This is fairly odd. I had a teacher say something very similar the other day. Its just kind of a coincidence. I just want to make I sure I understand you before I respond. I'm sorry if I didn't get what you meant, but basically you are saying that within a subjective judgement there are objective criteria. I totally agree. That does not stop it from being subjective. I think we are using these terms with seperate definitions. I'm trying to say your opinion that money destroys music is only as valid as someone who only likes music that is to make money. That is all I mean, and that it bothers me when people act like the music they like is superior to some other form of music, and not only that but other people should believe that.
---------- Post added at 11:07 AM ---------- Previous post was at 10:57 AM ----------
I have one huge objection to what you just said sympathy. There hasn't been originality in any musical sense by pop music. Sure you can argue lyrics and you would be right, but a teacher once told a friend of mine (he was a great teacher by the way) that she couldn't be a composition major, because everything she would ever do in music was already done by the tonal composers up to 1900. He was right. She only liked tonal music and it was over used to the point of exhaustion. Pop music is tonal in nature and it's really not original. So you say its not about pushing the creative envelope but it hasn't been for a long time (there are still very orginal classical composers and jazz composers, but for the most part they are ignored by any sort of large audience). Still lots of people would call rock original and right here the defintion of original is once again subjective. Which is fine. I'm saying whatever you think is original is not necessarily (in fact in most cases in music its necessarily not) original to me.
If music is so subjective how can certain works or artists rise to such untold fame and popularity?
As simply (and perhaps crudely) put as possible, what are the explicit criteria music has to meet for you to consider it 'good'?
For me it must be original within its own frame of reference (or genre), must be technically sound (must include musical difficulty and player skill), must have definitive intentions (e.g. to portray a certain message, or display creative exploration of a certain musical or recording technique) and above all it must utilise the compositional skills of subtlety.
Most agreed upon classics from any genre will usually exhibit these characteristics, and will have been written by someone who really knows what they're doing.
Since no one is addressing my points regrading relative artistic criticsm such as film and food, I am left to assume that there is no objective criticism of anything then, and if McDonalds sells more, than it is critically better food, according to some. Elements like quality and maturity are purely moot.
I assume you mean me? Whether or not quality sold is a good thing is a subjective matter. But here's the flaw in this logic. Here's Reductio ad absurdum time. Hunter Wasser is the greatest artist who ever lived because, his art style leads him to paint the same painting at the same time more than once. Henceforth he has a larger quanity than any other fine artist and is the greatest fine artist who ever lived.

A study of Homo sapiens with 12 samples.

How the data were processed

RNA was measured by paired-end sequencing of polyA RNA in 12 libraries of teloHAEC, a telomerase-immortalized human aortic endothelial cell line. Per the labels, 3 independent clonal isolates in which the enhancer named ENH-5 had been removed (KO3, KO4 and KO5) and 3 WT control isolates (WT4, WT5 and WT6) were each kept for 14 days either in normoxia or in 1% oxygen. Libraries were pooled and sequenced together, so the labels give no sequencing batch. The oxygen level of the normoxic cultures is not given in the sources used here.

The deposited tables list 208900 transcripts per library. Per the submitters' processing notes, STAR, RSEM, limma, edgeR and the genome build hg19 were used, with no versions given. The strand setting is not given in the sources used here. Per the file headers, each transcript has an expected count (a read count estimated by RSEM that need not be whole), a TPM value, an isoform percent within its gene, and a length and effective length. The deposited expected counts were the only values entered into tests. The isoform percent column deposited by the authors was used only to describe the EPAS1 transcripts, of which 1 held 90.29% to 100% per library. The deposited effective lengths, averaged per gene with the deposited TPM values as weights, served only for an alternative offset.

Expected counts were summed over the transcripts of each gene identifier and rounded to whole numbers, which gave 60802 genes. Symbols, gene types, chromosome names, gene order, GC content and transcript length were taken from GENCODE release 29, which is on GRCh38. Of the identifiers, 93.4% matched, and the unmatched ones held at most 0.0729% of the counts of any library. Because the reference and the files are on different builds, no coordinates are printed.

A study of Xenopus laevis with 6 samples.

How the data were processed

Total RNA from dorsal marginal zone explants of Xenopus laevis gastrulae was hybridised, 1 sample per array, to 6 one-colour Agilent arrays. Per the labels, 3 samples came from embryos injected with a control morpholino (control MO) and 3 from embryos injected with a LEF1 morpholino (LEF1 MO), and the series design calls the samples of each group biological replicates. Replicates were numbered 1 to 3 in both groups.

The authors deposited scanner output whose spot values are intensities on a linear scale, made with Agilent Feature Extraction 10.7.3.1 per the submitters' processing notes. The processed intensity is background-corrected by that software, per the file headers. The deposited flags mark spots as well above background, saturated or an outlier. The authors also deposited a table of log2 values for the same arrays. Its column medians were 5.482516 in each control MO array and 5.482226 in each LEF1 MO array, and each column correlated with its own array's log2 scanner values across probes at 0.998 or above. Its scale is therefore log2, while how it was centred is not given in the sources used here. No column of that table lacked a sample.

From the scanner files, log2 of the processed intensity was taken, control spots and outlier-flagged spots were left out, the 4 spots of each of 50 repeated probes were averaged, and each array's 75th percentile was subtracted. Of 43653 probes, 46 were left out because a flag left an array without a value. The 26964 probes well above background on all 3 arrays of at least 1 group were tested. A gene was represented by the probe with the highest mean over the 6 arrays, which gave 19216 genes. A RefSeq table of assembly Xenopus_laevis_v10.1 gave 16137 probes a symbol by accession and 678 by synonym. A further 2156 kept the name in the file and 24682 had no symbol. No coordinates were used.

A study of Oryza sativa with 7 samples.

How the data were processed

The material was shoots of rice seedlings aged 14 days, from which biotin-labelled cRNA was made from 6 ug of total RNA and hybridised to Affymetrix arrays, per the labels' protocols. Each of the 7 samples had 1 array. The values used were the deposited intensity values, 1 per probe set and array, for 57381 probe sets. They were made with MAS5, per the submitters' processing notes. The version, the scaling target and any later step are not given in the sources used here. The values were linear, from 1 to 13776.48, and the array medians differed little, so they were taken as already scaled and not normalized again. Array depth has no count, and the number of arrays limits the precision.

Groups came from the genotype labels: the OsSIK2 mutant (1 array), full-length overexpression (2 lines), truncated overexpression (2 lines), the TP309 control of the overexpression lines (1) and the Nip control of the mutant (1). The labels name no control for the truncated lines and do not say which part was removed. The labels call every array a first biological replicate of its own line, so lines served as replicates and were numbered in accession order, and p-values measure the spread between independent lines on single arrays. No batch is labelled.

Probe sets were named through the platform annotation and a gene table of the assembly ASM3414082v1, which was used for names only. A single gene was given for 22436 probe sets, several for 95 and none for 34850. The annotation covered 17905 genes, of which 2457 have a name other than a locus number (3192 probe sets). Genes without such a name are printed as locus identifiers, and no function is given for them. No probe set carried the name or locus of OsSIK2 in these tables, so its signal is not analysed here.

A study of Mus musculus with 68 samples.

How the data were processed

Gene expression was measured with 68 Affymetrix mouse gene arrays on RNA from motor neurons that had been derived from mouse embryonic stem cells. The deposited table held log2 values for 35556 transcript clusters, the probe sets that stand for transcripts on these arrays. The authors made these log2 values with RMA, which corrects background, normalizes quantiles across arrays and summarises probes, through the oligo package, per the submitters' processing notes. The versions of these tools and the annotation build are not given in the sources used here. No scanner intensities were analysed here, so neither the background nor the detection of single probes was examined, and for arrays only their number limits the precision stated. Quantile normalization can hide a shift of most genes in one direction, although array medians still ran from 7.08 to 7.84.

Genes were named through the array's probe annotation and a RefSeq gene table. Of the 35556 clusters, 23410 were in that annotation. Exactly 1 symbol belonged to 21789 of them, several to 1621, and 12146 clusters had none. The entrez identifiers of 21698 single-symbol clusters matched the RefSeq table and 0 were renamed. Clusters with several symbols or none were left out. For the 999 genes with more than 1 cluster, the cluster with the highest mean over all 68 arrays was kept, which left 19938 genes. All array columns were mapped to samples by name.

You can see the absurdity.
I by accidently used quality when I meant quantity (I edited it so the post makes more sense, but I'm not trying to deny making that mistake).
Still I will clarify. I was trying to show than whether a large quantity of something is good or not, is still subjective. Reductio Ad Absurem. I will assume your argument is true and come to a ridiculous conclusion. Actually I will only come to one we both don't agree on.
Quantity is the only objective measure of something. So Hunter Wasser is therefore the greatest fine artist because his art style enabled him to create more than one original works (think a bunch of replicas but they were all done at the exact same time). This I will assume we both don't agree with.
I have another thing to say also. If I think McDonald's is subjectively bad (I do, I'm a vegetarian), then creating a large amount of something that's bad to me is worse than just creating one. Whether a large quantity of something is good, is still subjective. Thats the only point I'm trying to make. Sorry it wasn't clear.
I believe that every artist who got famous appealed to some group of people at some point in time and that is why they are famous. There is nothing objective about it. I also don't believe people who say not every artist deserves their fame are wrong. Rather I think that to them not every artist deserves their fame, and to another person that artist would. There are no universal musicians. The Bealtes would probaly be the most well liked music in the history of the world or way up there (I mean you could argue Beethoven or a few others but for the sake of argument assume they are, I don't necessarily believe that). I don't like them. Am I wrong not to like them? I would be if there was some objective criteria to measuring their music, and whats more is I would admit it.